Google gains, Yahoo loses under ComScore changes
ComScore now measures searches from partner sites and "image" and "news" tabs, which favors Google over Yahoo.
ComScore, one of the top Web site traffic measurement firms, has changed its methodology for tracking Web searches and the news isn't so good for Yahoo.
Under ComScore's new qSearch 2.0, Yahoo lost market share from a year ago and is now at 23.5 percent for July, while Google gained share, reaching 55.2 percent market share. The other market share loser was AOL.
"Google continues to really grow leaps and bounds above the competitors," James Lamberti, senior vice president at ComScore, said in a panel on Monday at the Search Engine Strategies conference in San Jose, Calif.
Ask managed to hold share, Yahoo "was nearly flat in terms of absolute query growth," and Microsoft's search promotion boosted its share, he said. Excluding the bump from, Microsoft's share would have dropped, he added.
ComScore made some changes to the way it tracks and measures searches, which benefits Google but puts Yahoo at a disadvantage. Now ComScore counts not just searches from a search engine site, but also from affiliate or partner sites that return results from the search engine. Google has more such search affiliates than Yahoo does.
ComScore also is counting as separate searches clicks on tabs such as "images" and "news" that offer specialized searches from the main Web search site.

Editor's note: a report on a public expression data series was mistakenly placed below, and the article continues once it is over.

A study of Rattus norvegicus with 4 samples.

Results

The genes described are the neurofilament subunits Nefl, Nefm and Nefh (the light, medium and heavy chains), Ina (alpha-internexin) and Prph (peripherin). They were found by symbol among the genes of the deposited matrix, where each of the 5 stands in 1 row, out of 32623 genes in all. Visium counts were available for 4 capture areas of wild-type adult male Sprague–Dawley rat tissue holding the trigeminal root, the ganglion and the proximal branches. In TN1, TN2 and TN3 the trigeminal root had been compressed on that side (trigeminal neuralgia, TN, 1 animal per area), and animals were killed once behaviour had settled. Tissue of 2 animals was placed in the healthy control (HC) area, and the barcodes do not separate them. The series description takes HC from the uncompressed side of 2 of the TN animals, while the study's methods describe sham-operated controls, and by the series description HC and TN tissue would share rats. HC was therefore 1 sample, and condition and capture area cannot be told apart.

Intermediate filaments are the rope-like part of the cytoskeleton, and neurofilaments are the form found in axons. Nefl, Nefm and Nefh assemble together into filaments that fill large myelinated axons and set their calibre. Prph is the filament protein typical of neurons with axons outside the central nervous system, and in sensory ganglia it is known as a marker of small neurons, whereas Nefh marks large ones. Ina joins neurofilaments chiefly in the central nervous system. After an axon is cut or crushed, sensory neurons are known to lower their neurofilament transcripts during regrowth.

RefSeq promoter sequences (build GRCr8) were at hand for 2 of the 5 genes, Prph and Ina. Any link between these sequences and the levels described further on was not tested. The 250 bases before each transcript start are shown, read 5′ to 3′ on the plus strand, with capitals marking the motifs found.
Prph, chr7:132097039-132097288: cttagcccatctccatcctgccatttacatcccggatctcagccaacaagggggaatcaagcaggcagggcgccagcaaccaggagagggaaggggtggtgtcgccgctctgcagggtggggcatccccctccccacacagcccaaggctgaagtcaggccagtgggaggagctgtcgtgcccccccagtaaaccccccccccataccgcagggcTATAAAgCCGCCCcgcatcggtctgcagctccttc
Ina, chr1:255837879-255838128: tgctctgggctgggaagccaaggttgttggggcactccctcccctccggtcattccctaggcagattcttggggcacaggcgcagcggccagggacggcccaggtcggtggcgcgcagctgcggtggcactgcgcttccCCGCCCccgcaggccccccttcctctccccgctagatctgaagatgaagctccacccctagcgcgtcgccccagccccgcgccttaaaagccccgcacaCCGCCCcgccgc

The news was not all bad for Yahoo. "Yahoo is doing well in terms of paid clicks because of Panama," the company's new search advertising system, Lamberti said.
"Even though we see a slight drop in market share we're still growing in number of searches and paid search," said Yahoo spokeswoman Kathryn Kelly. "These are strong indicators of our position in the market."
Brad Goldberg, general manager of search marketing at Microsoft, provided this statement: "We are pleased to see market share and query volume for Live Search continue to grow in July, as all third-party indices are reporting. Notably, the refinements ComScore has instituted with qSearch 2.0 are positive for the industry and advertisers, as its methodology more accurately measures search traffic sources that are core to customer engagement and enables advertisers to get the most out of search."
ComScore also said it was expanding its search reports to include other search share in other countries, as well as to other Web sites that include search, such as eBay, Amazon and MySpace.com.
UPDATE 3:25 pm PT: Nielsen/NetRatings released its July search market share figures. Google now has 53.3 percent, Yahoo has 20.1 percent and Microsoft has 13.6 percent, according to Nielsen/NetRatings' tally.